Gonzalez v. Google (2023)

The parents of Nohemi Gonzalez, who was killed in 2015 in Paris, France, during a terrorist attack, argued that Section 230 immunity did not protect social media companies from liability of aiding and abetting terrorists under the Anti-Terrorism Act. However, the Supreme Court in Gonzalez v. Google declined to review the bounds of Section 230 immunity, saying their ruling in Twitter v. Taamneh demonstrated that the parents would have little, if any, claim of relief of the anti-terrorism law.

The U.S. Supreme Court in Gonzalez v. Google (2023) declined to rule on whether targeted recommendations by a social media company’s algorithms would fall outside the liability of Section 230 of the Communications Decency Act.

 

Instead, the Court said that its ruling in Twitter v. Taamneh on the same day “is sufficient to acknowledge that much (if not all) of plaintiffs’ complaint seems to fail.” In Twitter, the Court found that social media companies’ hosting of terrorist content, lack of action in removing their content and algorithms recommending their content was not enough to show that they aided and abetted the terrorists in an attack in Istanbul that killed 39 people.

 

Section 230 of the Communications Decency Act was enacted to allow interactive computer services to edit user content — deleting some messages on message boards, for example — without being considered a publisher liable for what they did or didn’t delete.

 

The Gonzalez case arose after 23-year-old Nohemi Gonzalez was killed in 2015 in Paris, France, during coordinated attacks across the city by ISIS. Her parents sought to hold Google, which owns YouTube, secondarily responsible under the Anti-Terrorism Act that allows family members of people killed by terrorists to pursue claims against those who “aid and abet” those terrorists.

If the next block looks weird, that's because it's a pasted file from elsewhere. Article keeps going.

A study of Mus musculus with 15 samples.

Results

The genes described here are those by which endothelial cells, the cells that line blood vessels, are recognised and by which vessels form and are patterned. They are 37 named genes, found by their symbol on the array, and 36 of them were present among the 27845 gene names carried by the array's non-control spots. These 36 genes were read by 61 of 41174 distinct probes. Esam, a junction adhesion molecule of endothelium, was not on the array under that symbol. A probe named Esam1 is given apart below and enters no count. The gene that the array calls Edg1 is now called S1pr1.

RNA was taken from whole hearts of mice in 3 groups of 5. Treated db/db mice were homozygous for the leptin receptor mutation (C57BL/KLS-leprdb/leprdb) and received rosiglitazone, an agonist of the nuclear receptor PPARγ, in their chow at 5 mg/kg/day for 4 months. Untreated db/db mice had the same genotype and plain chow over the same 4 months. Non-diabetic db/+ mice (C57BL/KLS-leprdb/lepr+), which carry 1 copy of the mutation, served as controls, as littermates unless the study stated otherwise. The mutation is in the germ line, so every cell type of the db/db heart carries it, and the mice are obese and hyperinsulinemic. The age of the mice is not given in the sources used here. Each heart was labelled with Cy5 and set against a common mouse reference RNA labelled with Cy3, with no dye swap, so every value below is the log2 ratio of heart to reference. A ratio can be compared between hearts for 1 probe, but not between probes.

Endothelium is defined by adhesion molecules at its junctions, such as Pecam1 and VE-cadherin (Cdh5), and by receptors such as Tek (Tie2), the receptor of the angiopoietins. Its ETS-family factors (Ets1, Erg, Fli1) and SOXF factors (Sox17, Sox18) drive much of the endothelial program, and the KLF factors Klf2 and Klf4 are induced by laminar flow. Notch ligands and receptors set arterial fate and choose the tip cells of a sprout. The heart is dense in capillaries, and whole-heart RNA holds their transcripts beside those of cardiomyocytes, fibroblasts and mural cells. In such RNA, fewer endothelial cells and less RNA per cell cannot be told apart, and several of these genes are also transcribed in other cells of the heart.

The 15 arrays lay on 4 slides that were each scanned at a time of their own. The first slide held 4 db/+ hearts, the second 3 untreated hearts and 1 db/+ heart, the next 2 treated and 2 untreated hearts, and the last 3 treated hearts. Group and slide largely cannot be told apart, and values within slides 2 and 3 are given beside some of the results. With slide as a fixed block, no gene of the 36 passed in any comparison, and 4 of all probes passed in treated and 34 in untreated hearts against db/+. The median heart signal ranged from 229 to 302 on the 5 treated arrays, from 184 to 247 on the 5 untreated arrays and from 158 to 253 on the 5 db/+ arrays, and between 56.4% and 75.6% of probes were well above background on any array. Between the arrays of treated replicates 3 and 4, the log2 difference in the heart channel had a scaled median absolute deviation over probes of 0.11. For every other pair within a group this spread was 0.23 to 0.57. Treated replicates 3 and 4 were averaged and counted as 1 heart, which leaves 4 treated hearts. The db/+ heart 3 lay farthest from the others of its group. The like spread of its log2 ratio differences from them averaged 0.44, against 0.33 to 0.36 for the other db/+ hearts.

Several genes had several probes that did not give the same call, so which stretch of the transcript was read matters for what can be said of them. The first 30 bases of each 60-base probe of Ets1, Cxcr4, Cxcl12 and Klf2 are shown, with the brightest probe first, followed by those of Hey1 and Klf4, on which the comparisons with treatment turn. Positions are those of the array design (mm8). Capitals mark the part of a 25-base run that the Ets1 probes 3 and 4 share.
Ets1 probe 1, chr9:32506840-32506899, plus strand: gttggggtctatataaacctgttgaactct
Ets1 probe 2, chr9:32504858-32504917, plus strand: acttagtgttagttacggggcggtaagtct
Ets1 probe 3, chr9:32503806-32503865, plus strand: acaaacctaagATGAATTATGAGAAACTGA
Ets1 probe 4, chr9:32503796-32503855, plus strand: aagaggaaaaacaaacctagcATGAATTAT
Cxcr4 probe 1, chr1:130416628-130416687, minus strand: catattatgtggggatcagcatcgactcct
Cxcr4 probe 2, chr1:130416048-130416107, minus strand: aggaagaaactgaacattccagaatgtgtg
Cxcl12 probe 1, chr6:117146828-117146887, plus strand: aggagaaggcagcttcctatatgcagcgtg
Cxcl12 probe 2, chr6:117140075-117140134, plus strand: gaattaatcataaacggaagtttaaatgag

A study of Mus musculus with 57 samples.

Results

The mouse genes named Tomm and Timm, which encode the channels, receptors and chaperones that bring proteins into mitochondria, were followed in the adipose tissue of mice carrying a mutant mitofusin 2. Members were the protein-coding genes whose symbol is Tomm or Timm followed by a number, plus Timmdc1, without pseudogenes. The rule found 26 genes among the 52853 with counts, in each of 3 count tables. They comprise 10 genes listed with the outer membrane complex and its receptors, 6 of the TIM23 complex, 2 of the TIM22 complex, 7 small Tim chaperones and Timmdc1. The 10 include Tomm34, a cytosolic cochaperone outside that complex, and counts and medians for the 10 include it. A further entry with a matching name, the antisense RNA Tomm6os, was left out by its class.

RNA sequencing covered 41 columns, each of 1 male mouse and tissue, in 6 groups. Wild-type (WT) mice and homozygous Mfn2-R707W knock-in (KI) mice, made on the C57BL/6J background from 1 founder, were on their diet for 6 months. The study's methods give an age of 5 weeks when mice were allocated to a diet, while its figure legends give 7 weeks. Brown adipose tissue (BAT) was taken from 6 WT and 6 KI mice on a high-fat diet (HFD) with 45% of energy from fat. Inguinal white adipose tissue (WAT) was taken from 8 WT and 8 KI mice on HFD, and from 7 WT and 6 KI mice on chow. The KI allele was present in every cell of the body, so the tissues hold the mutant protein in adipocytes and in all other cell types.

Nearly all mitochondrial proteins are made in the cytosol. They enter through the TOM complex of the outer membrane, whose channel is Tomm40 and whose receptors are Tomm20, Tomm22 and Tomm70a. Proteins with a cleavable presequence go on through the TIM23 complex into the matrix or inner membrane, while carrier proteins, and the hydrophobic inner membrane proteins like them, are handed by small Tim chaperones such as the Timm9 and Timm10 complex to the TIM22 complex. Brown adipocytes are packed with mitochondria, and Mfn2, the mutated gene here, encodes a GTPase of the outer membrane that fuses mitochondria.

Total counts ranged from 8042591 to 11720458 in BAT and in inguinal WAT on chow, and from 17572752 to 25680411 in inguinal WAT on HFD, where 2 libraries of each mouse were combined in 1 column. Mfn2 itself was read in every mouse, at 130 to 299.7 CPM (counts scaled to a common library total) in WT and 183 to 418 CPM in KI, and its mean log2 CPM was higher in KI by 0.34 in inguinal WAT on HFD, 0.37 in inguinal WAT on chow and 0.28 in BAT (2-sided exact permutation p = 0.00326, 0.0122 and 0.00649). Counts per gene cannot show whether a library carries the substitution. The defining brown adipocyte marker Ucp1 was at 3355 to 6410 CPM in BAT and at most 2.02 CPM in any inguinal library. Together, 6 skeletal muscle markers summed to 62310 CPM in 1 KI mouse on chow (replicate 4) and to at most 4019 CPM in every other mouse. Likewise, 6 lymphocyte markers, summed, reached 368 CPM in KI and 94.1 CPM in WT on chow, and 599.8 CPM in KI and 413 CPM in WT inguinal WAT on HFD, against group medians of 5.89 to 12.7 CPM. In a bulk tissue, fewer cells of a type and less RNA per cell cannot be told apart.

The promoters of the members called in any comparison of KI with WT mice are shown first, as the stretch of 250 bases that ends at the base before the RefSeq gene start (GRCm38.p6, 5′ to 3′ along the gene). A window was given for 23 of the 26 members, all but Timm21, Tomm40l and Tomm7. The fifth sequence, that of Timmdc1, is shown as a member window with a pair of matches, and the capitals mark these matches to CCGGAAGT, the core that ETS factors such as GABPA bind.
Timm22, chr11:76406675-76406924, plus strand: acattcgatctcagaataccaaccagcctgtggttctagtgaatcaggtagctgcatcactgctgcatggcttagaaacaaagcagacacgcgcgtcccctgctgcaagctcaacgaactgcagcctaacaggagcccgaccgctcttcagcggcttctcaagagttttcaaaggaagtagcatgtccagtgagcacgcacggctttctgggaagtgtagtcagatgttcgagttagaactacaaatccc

The family alleged that at the time of the attacks, ISIS was one of the largest and most widely recognized terrorist organizations in the world and carried out the attacks as a means of instilling terror in the public. The messages it communicated before, during and after its attacks, including through YouTube, were part of the physical, emotional and psychological impact ISIS desired to achieve, the suit alleged.

 

Parents: YouTube essential to ISIS terrorism

The parents said that YouTube had become an essential and integral part of ISIS’s program of terrorism and that ISIS uses YouTube to recruit members, plan terrorist attacks and issue terrorist threats.

 

Central to their argument was that YouTube’s use of computer algorithms to match and suggest content to users based on their viewing history led to recommendations of ISIS content to others, the parents said. 

 

The parents argued that the recommendations was content created by YouTube, not by others, and thus were not protected from liability under Section 230.

 

The 9th U.S. Circuit Court of Appeals disagreed with the Gonzalez family and ruled that most of their claims were barred by Section 230 immunity, with the sole exception of allegations that Google approved ISIS videos for advertisements and then shared proceeds with ISIS through YouTube’s revenue-sharing system.

 

The Supreme Court granted certiorari to review the 9th Circuit’s decision related to Section 230 immunity. The Court noted that the Gonzalez family did not seek review of the 9th Circuit’s holding regarding revenue-sharing claims. It then said in a per curiam decision remanding the case back to the 9th Circuit that in light of the decision in Twitter, “it has become clear that the plaintiffs’ complaint — independent of §230 — states little if any claim of relief.”